What is a hipster?


Hipster Ariel Forever  

One of the most commonly used and (to me) commonly confused words these days is “hipster.” What does it even mean? Because if I try to deduce a definition based on how it is used … it means lots of things:

  • This is ironic … but don’t ask me to define ironic
  • I can’t tell if this is cool or not cool
  • I can’t tell if this is serious or if it’s satire
  • This is so trendy it’s not trendy
  • This is so not trendy it’s trendy
  • This is actually trendy but I liked it before it was cool
  • This is actually trendy and therefore it’s not cool
  • This is something “kids” like, “kids” being anyone younger than me
  • My generation doesn’t get this
  • My generation didn’t do this
  • My generation didn’t have this
  • This does not appeal to me
  • I don’t understand it
  • This person thinks they are better than me

So, yeah, everything and everyone is a hipster, OK? Now, can we stop using that word? Can we just like what we like and do what we enjoy and live where we want to live without worrying that we’re doing something for the wrong reasons or that we’re unoriginal or too original or that no one will appreciate it or that too many people will appreciate it or that we’ll miss the boat and by that I mean getting on the boat at the same time that everyone else does? Because that sounds like a really fun party boat.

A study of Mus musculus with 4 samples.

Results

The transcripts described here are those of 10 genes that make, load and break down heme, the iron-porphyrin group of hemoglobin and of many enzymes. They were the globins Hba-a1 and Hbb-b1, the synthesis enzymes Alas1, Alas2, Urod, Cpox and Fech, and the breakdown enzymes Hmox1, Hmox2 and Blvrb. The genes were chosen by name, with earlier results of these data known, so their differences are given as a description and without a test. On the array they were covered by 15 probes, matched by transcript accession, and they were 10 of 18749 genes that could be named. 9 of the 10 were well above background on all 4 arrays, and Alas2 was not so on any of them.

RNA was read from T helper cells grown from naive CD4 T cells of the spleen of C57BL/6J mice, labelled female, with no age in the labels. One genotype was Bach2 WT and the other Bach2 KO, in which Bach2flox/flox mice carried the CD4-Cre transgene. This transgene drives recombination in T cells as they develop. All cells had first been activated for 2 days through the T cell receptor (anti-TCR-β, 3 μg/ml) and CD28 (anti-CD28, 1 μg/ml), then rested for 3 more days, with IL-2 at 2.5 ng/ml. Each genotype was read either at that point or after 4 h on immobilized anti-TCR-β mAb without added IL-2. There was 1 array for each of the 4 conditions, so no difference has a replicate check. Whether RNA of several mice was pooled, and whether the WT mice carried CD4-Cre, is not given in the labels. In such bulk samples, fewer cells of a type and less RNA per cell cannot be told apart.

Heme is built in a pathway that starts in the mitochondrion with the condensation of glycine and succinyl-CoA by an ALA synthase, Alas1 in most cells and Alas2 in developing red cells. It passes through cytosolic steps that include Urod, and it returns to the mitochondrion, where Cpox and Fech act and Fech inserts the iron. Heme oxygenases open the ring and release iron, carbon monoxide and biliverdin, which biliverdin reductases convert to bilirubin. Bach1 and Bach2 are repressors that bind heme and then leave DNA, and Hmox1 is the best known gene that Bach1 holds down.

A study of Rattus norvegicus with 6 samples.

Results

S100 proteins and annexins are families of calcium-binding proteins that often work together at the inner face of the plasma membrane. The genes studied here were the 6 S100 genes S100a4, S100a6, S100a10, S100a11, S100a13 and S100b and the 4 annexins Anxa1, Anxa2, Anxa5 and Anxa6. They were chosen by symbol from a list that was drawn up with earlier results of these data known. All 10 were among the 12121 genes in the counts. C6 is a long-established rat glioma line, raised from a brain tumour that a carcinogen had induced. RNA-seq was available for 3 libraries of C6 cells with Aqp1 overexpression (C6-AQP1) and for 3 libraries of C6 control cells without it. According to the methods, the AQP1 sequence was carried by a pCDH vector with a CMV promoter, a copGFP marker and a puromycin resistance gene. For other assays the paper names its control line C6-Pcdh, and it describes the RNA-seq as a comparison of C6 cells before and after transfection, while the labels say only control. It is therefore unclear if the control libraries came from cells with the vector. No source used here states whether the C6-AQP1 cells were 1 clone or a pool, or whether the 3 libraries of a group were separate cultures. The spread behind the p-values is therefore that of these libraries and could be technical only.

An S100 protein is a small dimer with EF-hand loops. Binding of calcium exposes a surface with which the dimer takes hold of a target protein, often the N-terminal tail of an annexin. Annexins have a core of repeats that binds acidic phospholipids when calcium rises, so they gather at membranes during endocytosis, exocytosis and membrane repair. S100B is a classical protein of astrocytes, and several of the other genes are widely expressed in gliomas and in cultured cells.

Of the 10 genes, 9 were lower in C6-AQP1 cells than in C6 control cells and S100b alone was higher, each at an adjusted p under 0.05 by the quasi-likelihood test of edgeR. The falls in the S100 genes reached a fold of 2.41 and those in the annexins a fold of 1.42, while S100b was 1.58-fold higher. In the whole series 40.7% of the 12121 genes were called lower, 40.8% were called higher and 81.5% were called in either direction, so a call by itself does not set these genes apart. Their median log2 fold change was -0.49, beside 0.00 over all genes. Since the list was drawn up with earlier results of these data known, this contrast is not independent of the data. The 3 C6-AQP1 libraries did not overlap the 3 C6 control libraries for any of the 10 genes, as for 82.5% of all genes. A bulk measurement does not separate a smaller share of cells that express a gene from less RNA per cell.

1. I think being a hipster is far more about attitude than action. I have several friends who, by multiple visible standards, should qualify as “hipsters” (they wear flannel. They live in Pilsen or Bucktown. They are obsessed with independent fill-in-the-blank [coffee shops, music, whatever.]. They brew their own beer. They have thick framed glasses. Etc., etc., etc.), but I would NEVER label any of them as hipsters, because they’re all very down to earth people. In my mind, a hipster does whatever they do–whether it’s dressing a certain way or living in a certain neighborhood or drinking/eating certain things or whatnot–from a place of pretension. They do it as a way of saying, “I think I’m more original than you, more creative than you, more counterculture than you, and therefore better than you, and I’m going to shove it in your face while also judging you for choosing to not do what I do.” In general, I don’t think hipster is often used as a complimentary term, at least when someone uses it to describe someone else, and I think that’s a result of an off-putting vibe hipsters give off far more than what they actually do (kind of like basic — I don’t know of anyone who’s used basic as a compliment, but I also think it has FAR less to do with the unoriginality/Lululemon/pumpkin spice latte-ness of a basic and FAR more to do with the pretentious and uppity attitude that comes along with that. Then again, I can’t stand pretentious people, so that probably has a lot to do with my opinion on all of this!).

    1. I totally agree that it is more attitude than action, but it bothers me when it is thrown out as an insult to people/brands/things that in my view are authentic. Maybe it hits close to home because I do things that some might label as hipster, and I feel like the lines become blurred when we hear that word thrown around so much – as an insult – that I don’t even know what it means anymore. It almost becomes a scapegoat … welll I’M the authetnic one, you’re just a hipster! I dunno. Sometimes it really rubs me the wrong way. Or maybe I’ve been spending too much time in Logan Square.